However, let us not forget how strong and resilient our bodies are fighting each day with a powerful Immune system.  The immune system’s principal task is to eradicate all foreign invaders (viruses, microbes, bacteria) attempting to enter our bodies.  As a result, we rely heavily on our immune system’s forces to protect and, once under attack, conquer and restore health and well-being.  Therefore, it is essential to ensure that the immune system is always well taken care of to maintain full efficiency.  According to evidence-based research, there are several ways to care for our immune system; however, the primary way is through Nutrition.  There are various nutrients found in food that contribute to the immune system‘s health, and among these is the trace mineral Zinc.  According to David Hafler, professor of neurology and immunobiology at Yale School of Medicine, “If you are zinc deficient, your immune system will not function as well.”

Zinc is an essential trace mineral, necessary because the body cannot make or store it; thus, a daily source of Zinc is dependent upon the food we eat or supplements. The word Trace implies the body only requires a small amount to meet the protective requirements. 

Recently, Zinc has become the new headliner because it displays a significant role in the treatment and duration of various respiratory illnesses such as the common cold.  Several studies are showing mixed conclusive results regarding the effects of Zinc on colds.  A recent finding from a  Cleveland Clinical study indicates Zinc significantly cut the duration of colds among study participants.  Data from a clinical trial study also supports the value of Zinc in reducing the time and severity of symptoms of the common cold when taken 24 hours of the onset of cold symptoms.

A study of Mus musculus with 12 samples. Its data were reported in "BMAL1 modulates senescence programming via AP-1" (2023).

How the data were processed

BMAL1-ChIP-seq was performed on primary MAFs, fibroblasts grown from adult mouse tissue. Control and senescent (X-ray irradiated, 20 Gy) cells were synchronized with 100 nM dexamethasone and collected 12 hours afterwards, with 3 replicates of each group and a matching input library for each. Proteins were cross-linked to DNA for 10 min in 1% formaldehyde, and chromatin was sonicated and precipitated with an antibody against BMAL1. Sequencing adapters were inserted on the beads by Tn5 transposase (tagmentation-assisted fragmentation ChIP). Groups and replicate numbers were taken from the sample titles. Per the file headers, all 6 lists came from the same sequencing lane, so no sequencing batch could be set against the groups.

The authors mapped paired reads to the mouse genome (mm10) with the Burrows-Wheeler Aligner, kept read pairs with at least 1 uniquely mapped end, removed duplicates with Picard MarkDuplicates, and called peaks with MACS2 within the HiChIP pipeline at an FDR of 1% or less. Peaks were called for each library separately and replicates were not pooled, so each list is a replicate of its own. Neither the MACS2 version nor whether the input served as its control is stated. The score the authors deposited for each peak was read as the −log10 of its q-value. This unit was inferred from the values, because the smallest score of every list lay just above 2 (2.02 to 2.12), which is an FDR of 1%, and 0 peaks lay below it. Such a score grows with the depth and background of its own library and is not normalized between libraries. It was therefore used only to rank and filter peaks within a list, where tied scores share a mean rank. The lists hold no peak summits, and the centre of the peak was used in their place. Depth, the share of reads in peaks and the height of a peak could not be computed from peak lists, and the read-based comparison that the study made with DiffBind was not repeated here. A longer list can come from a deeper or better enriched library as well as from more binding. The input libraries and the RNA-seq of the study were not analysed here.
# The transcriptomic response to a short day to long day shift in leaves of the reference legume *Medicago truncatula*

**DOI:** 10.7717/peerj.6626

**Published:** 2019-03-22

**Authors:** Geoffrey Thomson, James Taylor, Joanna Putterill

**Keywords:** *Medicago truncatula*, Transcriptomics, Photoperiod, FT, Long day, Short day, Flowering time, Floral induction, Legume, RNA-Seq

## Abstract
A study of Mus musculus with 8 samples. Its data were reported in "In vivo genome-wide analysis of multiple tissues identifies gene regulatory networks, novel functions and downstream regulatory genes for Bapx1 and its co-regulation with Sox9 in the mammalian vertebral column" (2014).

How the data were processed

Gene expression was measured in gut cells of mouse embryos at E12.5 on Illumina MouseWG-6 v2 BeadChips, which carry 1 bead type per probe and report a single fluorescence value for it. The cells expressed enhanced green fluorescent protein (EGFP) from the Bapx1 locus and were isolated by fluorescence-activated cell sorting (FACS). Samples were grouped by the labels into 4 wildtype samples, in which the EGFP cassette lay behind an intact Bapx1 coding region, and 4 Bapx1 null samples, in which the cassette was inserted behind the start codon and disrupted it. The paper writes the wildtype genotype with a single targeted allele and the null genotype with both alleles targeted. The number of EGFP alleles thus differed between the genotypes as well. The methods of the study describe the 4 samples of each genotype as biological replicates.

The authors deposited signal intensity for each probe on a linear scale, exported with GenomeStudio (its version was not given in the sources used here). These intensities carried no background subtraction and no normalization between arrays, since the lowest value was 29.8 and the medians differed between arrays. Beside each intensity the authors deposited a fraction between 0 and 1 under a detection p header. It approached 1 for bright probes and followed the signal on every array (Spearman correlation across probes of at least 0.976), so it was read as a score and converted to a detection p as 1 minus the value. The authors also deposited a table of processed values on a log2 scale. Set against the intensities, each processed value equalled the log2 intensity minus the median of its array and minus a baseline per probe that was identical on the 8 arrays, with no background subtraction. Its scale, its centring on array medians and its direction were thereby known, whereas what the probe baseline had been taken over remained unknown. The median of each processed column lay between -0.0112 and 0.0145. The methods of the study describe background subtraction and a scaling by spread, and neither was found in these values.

More importantly, researchers from Spain suggest Zinc may play a role in COVID-19 outcomes.  The study indicates the patients with a low level of Zinc in their body upon admission tend to have higher inflammation (depressed immune system), resulting in poorer COVID-19 outcomes.  The study shows after adjusting for factors such as age, gender, illness severity, and treatments received, every unit increase of Zinc in the blood notes a 7% lowering of the odds that a patient would die while in the hospital.  Please note the study group was small, and further studies are needed to assess Zinc’s therapeutic impact.

Although study results are mixed and inconclusive, evidence-based research proves. Zinc is an essential trace mineral playing a vital part in keeping the immune system healthy.  It is crucial also to know excessive amounts of Zinc can be dangerous, leading to serious adverse side effects.  The most common cause of zinc toxicity is taking too much supplemental Zinc. Please consult with your Primary Care Team before beginning any regiment of Zinc using supplementation.  Severe Zinc deficiency is rare in people with rare genetic mutations, poor absorption, alcoholism, and old age.  The Recommended Daily Intake of Zinc necessary to maintain your immune system at peak performance is 11 mg for adult men and 8 mg for adult women.  To avoid overconsumption of Zinc, avoid all forms of high-dose Zinc supplements unless recommended by a doctor.

Build your Regiment of Zinc through Diet.   Excellent sources are:

Shellfish: (oysters, crab, mussels, lobster, and clams),
Meat:  Beef pork, lamb, and bison.
Poultry: Turkey and chicken.
Nuts and seeds: Pumpkin seeds, cashews, hemp seeds.
Dairy products: Milk, yogurt, and cheese
Whole grains: Oats, quinoa, brown rice
Vegetables: Mushrooms, kale, peas, asparagus, and beet greens

You are what you eat. Choose wisely -the efficiency of your immune (defense) system is dependent upon your choices.